The DM&E's are a drop-dead "you will not get distribution if this ain't right" issue. And the M&E's must absolutely sound like the full English language mix or the buyers will throw things at you and (even worse)withhold your check.
Every filmmaker I know (who has had at least one movie get distribution) has had to turn into a sound mixer at some point because they've had to deal with splitting out DM&E's or "Dialog, Music, and Effects" tracks. Creating DM&E's is fantastically annoying and difficult. The trick is that you have to deliver music and effects tracks which sound just like the full mix but without dialog. You'd think "Well then I just put dialog on the first four tracks in my digital audio editing program and then I run off a copy with those tracks muted and that'll create my M&E's."
You can think that, but you'll end up being surprised at just how many extraneous sounds are on those original dialog tracks. Sounds you can hear in the full English mix. So you have to do a lot of: foley, creating new hard effects to mix on top of the sounds already there, and/or creating identical sounds and putting them on a track on your audio editing/mixing program which is muted during the roll off of the English mix and unmuted when you roll off the "M&E".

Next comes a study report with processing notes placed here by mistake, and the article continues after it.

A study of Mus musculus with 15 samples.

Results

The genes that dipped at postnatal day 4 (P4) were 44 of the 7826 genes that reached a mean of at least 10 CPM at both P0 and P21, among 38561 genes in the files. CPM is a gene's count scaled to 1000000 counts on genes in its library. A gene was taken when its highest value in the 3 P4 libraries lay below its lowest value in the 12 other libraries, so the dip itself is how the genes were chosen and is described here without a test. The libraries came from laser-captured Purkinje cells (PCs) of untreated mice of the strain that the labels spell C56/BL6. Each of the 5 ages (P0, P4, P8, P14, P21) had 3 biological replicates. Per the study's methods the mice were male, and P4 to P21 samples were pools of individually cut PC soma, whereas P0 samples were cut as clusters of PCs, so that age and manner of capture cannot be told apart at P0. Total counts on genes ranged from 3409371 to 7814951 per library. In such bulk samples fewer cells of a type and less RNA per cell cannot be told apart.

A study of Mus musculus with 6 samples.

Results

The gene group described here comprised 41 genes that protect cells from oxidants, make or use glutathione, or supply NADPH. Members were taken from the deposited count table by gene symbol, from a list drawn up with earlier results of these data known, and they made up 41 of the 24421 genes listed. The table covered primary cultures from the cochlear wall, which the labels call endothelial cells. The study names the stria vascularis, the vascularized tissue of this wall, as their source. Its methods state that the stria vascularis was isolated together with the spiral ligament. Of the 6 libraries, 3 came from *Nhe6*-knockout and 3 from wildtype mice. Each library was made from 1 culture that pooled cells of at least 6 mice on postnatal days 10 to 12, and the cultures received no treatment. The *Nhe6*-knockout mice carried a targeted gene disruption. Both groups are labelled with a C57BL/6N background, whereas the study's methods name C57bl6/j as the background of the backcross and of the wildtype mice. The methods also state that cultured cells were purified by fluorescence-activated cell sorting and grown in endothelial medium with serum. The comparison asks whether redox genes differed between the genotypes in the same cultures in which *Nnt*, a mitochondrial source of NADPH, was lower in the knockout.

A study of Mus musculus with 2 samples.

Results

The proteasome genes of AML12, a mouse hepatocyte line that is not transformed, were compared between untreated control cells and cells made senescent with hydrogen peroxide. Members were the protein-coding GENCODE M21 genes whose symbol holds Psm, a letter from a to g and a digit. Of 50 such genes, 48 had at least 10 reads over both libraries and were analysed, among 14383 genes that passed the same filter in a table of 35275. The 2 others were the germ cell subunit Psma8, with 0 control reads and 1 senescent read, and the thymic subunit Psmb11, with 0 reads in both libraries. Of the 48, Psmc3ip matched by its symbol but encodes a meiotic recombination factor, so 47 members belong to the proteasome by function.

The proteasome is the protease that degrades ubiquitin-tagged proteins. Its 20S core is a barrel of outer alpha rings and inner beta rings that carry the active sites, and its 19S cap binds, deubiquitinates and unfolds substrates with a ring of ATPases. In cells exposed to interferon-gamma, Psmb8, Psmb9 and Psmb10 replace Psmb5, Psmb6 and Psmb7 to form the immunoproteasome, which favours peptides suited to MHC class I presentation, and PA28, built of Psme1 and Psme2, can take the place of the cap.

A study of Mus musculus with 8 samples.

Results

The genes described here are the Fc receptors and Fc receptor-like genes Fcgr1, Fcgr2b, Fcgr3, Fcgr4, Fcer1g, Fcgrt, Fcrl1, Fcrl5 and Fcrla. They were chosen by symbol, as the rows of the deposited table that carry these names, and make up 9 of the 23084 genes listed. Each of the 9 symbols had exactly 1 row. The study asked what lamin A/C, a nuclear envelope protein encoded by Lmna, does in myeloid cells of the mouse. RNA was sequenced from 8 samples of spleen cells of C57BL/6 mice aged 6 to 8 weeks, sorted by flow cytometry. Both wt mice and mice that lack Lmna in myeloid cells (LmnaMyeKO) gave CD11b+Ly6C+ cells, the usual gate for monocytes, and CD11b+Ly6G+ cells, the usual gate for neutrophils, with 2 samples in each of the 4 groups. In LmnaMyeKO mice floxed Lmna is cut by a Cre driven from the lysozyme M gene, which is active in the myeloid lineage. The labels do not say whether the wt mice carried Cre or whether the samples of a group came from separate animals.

But the worst worst worst mistake you could make is to accidentally leave a piece of dialog in the M&E tracks. Because although a distributor in a non-English speaking company might forgive that the M&E tracks are missing the sound of a scrape of a shoe or a crumple of paper under the English mix, they will not be able to deal with the wrong language suddenly showing up in their dubbed version of the movie.